Silver’s average price in 2013 was $23.79 per ounce, 23.6 percent lower than the previous year, Thomson Reuters GFMS states in its World Silver Survey 2014, released yesterday. That’s the metal’s largest year-on-year percentage decrease since 1985, when it sank by 25 percent, and its second double-digit decline in a row.
Those numbers raise the question of what went wrong last year. CPM Group provided an answer back in April, stating that shorter-term investors “disillusioned by the inability of silver to rise strongly following the highs reached in 2011″ were “primarily responsible” for the metal’s fall. That’s because they moved “their funds into other asset classes like equities and real estate that [are] perceived as providing better profit opportunities.”
GFMS seems to have the same idea, though it words its explanation more technically. The firm states that last year’s drop was largely the result of large, non-commercial COMEX market participants raising their gross silver futures short positions while decreasing their net long futures positions. Meanwhile, “[i]nvestor bearishness about medium term price prospects led a portion of silver’s investor base to book profits on silver assets accumulated in previous years.”
That’s a little disheartening, but as GFMS’ report reveals, silver’s lower price yielded at least one upside: increased demand. Record-breaking demand, in fact — according to the firm, total demand for physical silver hit an all-time high of 1,081 million ounces in 2013. That rise was driven partially by increased jewelry and silverware fabrication, which respectively increased by 10 and 15 percent, but a 76-percent rebound in retail investment in bars and coins was the main catalyst.
Global industrial demand for silver, on the other hand, sunk slightly, reaching 586.6 million ounces. Though that’s a decline of less than 1 percent, GFMS notes that it’s the third consecutive year that there’s been a fall in that type of demand; this time around, the decline’s main driver was “the lack of clear [macroeconomic] recovery impacting on industry investment.”
Unsurprisingly, that increase in demand created a fairly significant physical deficit. Specifically, states GFMS, 2013 brought a physical silver deficit of 103 million ounces, a far cry from the 51-million-ounce surplus recorded in 2012 and the biggest shortfall since 2008.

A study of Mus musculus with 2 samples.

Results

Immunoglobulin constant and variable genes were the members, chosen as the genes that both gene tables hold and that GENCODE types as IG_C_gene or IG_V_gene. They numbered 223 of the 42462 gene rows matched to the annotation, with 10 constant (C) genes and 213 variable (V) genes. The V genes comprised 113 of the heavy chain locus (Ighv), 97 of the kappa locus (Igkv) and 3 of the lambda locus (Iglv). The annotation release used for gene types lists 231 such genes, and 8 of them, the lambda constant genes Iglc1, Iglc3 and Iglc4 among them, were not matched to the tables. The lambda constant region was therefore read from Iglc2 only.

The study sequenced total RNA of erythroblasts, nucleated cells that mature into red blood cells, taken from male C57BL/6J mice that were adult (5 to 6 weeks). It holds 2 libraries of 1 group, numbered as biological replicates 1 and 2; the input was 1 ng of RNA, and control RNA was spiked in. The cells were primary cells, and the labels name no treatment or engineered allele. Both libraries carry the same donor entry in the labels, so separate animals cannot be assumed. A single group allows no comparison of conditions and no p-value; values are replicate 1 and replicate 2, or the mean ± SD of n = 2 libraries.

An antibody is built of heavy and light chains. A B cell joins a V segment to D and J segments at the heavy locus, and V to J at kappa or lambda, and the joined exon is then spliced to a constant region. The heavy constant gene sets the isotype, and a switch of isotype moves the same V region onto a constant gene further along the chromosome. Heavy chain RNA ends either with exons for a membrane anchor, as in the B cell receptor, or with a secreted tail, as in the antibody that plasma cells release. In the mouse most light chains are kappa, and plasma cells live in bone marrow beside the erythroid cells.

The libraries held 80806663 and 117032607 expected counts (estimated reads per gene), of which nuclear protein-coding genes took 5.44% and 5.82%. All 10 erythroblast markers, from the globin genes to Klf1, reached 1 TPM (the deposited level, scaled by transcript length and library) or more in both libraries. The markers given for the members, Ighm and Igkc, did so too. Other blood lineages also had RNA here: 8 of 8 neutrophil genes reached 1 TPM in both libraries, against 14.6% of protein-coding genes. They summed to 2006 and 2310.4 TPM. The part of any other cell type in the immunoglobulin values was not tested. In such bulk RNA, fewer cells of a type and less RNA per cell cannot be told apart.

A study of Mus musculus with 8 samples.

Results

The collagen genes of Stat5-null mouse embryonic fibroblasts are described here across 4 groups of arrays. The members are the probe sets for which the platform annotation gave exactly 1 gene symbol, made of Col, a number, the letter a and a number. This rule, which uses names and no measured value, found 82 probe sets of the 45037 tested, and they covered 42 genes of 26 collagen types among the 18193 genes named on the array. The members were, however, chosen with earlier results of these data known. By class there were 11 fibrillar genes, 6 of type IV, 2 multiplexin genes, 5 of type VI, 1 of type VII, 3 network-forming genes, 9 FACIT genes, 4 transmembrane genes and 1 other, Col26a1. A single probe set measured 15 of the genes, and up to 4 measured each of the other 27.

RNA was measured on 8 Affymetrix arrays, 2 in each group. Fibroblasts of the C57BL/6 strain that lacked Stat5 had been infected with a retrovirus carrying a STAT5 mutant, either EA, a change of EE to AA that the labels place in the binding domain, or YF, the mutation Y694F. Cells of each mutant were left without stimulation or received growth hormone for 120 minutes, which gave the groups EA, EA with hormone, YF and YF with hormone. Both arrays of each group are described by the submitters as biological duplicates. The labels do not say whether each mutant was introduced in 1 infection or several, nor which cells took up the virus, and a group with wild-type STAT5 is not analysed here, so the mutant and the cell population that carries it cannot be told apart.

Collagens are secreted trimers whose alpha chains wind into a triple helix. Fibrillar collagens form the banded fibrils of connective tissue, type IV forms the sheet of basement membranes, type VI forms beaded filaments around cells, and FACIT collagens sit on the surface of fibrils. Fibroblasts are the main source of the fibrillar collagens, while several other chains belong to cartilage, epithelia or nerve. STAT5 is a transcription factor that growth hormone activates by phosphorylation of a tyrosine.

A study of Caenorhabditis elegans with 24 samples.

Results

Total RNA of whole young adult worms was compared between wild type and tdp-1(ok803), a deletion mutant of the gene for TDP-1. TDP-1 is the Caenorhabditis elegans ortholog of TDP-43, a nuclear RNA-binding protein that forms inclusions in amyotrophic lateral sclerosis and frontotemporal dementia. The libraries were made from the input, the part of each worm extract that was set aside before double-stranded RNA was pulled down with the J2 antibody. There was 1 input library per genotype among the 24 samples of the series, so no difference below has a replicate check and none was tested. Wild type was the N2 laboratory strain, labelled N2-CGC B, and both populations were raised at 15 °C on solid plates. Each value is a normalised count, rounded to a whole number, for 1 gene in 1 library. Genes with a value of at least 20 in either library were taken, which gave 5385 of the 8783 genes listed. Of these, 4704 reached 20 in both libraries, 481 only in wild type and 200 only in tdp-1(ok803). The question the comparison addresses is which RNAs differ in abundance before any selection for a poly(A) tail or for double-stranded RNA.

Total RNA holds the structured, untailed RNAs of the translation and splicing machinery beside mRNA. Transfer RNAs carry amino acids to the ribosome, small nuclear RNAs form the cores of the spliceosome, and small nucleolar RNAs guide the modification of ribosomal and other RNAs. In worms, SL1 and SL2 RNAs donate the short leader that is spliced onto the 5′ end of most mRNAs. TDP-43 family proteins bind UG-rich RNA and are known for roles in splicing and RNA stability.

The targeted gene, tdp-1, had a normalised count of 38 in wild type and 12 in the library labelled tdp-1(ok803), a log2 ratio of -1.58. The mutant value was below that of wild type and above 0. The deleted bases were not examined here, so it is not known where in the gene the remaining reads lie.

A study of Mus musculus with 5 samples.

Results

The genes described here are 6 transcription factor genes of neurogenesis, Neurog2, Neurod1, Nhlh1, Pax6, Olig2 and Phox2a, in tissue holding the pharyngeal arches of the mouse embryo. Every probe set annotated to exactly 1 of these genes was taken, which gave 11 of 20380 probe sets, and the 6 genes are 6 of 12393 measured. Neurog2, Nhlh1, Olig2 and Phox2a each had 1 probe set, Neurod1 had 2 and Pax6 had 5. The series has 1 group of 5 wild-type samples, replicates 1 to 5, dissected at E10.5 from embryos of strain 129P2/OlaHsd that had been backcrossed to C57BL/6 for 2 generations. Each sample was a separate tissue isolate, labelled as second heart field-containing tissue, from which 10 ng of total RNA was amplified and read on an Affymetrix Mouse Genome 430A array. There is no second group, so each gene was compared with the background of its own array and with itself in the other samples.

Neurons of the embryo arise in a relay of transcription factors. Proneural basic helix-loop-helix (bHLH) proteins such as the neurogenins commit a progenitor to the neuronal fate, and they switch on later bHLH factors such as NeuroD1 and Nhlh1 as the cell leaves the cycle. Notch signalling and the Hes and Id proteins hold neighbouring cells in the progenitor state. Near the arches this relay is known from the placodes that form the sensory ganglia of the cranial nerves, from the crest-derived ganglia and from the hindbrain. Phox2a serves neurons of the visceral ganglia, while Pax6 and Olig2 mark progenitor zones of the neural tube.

That’s not to say that production of the white metal fell by the wayside. In fact, the opposite is true — global silver mine production rose to a new record 819.6 million ounces, a 3-percent increase from the previous year and the 11th year mine production of the precious metal has increased. The gain was primarily brought about by advanced projects, which were able to move forward despite 2013′s tough markets.
On the flip side, above-ground silver supply dropped to 199.7 million ounces, a 23.2-percent dip, mostly because of “a large decline in scrap supply, only modest government sales and a continued absence of net producer hedging or ETF drawdowns.” Scrap supply, the biggest contributor to above-ground silver supply, rises when silver prices are high and sinks when they are lower, so last year’s decline is not unusual.
2014 price outlook
While presenting the survey yesterday, Andrew Leyland, GFMS’ manager, regional demand, said the firm sees silver averaging about $19 this year, with that amount falling to $18.50 in 2015, as per Forbes.
GFMS sees a number of factors leading to those lower prices. Among them, states Forbes, are rising investor demand for riskier assets like stocks and a potential fall in exchange-traded fund holdings. The Financial Times notes that others include a stronger US dollar and improved economic sentiment, both of which tend to weigh on sentiment towards precious metals.
That’s not good news for investors hoping for a big silver price increase, but it’s not all bad either — essentially what it means is that silver is entering a period of consolidation. GFMS sees “many jewelry and silverware producers … tak[ing] advantage of this in order to boost production levels and move away from plated silver products,” though according to Leyland it will also result in “more investor interest leaving the sector.”
Optimistic investors, however, may look at the next couple of years as an extended buying opportunity. After all, as many analysts are quick to point out, silver prices can’t stay low forever, and when they do rise again, they may surpass their previous high.
Securities Disclosure: I, Charlotte McLeod, hold no direct investment interest in any company mentioned in this article.